Instant Brands Files Bankruptcy

Why has Pyrex kitchenware manufacturer filed for bankruptcy?

Pyrex kitchenware manufacturer, Instant Brands, has filed for bankruptcy due to excessive debt and the impact of rising interest rates and stricter credit conditions. The company, along with 14 affiliates, sought Chapter 11 protection from creditors in southern Texas.

Instant Brands holds assets and liabilities of up to US$1 billion. However, it intends to continue operating while undergoing restructuring, with US$132.5 million in financing already secured. The company’s CEO, Ben Gadbois, cited the tightening of credit terms and higher interest rates as reasons for the unsustainable capital structure. Notably, entities outside the United States and Canada are not seeking court protection.

What brands are affected by the bankruptcy?

Instant Brands’ product lineup includes Instant Pot pressure cookers and Corningware, in addition to Pyrex brand.

The impact of bankruptcy on severance pay?

Unfortunately, if an employer is too far in debt to save itself or go through a receivership, and is forced to file for bankruptcy, there are implications for employee severance. This can be an incredibly stressful time for employees, who have not only lost their jobs but now face uncertain prospects for recovering severance payments. Some employees may even be owed unpaid wages that accrued prior to the bankruptcy as well.

Bankruptcy does not excuse employers from paying severance and unpaid wages owed to employees. However, the reality may be very unpleasant for employees in these circumstances. An employee becomes an unsecured creditor to its bankrupt employer, and must get in line behind other creditors, such as taxes owed to the government and debts held by secured creditors like banks, who are also needing to be paid.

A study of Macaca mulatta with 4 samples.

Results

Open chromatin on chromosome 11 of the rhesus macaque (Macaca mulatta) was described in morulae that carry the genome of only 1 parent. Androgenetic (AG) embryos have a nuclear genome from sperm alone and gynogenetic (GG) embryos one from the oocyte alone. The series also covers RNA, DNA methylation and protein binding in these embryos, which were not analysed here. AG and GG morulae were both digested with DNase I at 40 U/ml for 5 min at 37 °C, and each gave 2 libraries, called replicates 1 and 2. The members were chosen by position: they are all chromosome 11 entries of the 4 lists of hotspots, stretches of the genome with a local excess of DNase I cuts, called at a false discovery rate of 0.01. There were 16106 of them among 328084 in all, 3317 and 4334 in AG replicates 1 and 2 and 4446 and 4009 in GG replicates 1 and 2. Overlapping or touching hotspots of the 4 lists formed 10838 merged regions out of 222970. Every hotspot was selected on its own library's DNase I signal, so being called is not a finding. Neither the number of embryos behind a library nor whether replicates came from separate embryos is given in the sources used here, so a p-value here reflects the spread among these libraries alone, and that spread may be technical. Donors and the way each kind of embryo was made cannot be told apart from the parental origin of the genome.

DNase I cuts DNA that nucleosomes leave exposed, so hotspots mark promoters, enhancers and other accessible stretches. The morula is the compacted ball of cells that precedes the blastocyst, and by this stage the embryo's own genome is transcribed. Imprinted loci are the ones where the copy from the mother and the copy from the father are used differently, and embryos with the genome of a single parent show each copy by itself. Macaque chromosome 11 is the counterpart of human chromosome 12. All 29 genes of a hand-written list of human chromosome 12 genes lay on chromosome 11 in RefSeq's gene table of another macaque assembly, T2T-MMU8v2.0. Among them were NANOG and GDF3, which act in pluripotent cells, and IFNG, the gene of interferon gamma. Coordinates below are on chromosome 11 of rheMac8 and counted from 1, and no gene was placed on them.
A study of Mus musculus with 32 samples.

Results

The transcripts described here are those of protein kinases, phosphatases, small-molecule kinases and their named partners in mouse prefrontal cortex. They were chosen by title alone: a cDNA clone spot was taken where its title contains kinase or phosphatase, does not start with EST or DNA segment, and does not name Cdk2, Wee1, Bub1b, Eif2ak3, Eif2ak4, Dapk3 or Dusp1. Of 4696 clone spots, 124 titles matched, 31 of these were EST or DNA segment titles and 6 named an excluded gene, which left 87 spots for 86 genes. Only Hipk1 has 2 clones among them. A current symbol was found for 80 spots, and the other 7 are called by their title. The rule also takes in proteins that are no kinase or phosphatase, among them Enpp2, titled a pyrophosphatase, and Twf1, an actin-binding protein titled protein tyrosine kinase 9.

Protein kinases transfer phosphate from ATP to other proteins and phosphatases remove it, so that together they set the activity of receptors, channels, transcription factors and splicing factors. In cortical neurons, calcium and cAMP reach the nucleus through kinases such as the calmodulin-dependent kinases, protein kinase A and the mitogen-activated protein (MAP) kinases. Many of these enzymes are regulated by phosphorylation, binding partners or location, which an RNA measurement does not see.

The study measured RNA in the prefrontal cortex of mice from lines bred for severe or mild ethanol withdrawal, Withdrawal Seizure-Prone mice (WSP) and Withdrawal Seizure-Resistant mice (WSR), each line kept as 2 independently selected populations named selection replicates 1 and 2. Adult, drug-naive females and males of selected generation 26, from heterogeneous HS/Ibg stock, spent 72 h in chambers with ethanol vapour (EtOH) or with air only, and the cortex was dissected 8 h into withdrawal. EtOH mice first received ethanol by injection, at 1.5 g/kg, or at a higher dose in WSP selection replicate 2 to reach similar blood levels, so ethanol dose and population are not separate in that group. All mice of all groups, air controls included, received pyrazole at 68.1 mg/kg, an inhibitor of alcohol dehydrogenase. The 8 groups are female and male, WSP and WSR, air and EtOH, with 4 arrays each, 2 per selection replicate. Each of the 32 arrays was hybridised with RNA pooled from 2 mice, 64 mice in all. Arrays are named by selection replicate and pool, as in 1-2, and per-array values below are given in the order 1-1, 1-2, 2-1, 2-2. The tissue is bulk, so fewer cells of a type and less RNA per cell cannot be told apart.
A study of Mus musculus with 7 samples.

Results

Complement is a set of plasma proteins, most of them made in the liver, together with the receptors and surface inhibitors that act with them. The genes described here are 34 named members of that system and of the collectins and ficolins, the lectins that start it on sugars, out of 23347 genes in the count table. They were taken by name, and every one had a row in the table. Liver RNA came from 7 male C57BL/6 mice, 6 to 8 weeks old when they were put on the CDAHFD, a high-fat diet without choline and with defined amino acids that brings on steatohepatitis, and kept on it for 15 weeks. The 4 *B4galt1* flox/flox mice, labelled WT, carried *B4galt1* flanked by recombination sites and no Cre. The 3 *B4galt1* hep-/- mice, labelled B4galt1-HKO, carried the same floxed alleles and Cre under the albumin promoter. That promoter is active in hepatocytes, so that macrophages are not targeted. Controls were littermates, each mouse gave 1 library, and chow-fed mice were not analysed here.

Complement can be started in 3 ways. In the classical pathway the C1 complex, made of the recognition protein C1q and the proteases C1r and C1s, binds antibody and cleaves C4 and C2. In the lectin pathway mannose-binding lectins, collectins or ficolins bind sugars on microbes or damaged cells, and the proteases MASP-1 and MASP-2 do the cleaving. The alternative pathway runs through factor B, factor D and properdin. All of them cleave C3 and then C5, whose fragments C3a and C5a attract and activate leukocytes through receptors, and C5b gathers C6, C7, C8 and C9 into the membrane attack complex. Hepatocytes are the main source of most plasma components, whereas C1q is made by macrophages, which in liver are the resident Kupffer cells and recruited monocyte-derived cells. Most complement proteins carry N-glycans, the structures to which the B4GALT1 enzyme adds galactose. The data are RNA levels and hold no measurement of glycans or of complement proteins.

The federal government has put some protections in place for employees in these circumstances. The Wage Earner Protection Program (WEPP) assists employees who worked for bankrupt companies and are owed outstanding wages. WEPP will pay a limited amount of unpaid wages to the date of the bankruptcy or receivership. For employees that were formally terminated, WEPP will generally pay out any termination pay, and severance owed as well. There are important timelines to remember for the WEPP program, so employees should be sure to speak with an employment lawyer as soon as possible to understand their rights and obligations.

How can Whitten & Lublin help?

If you or someone you know is dealing with a bankrupt employer, it is important to speak with an experienced employment lawyer to understand your workplace rights. The employment lawyers at Whitten & Lublin can help you navigate your legal options regarding your specific circumstances. If you are looking for employment lawyers and would like more information about what Whitten & Lublin can do for you, please contact us online or by phone at (647) 946-1276.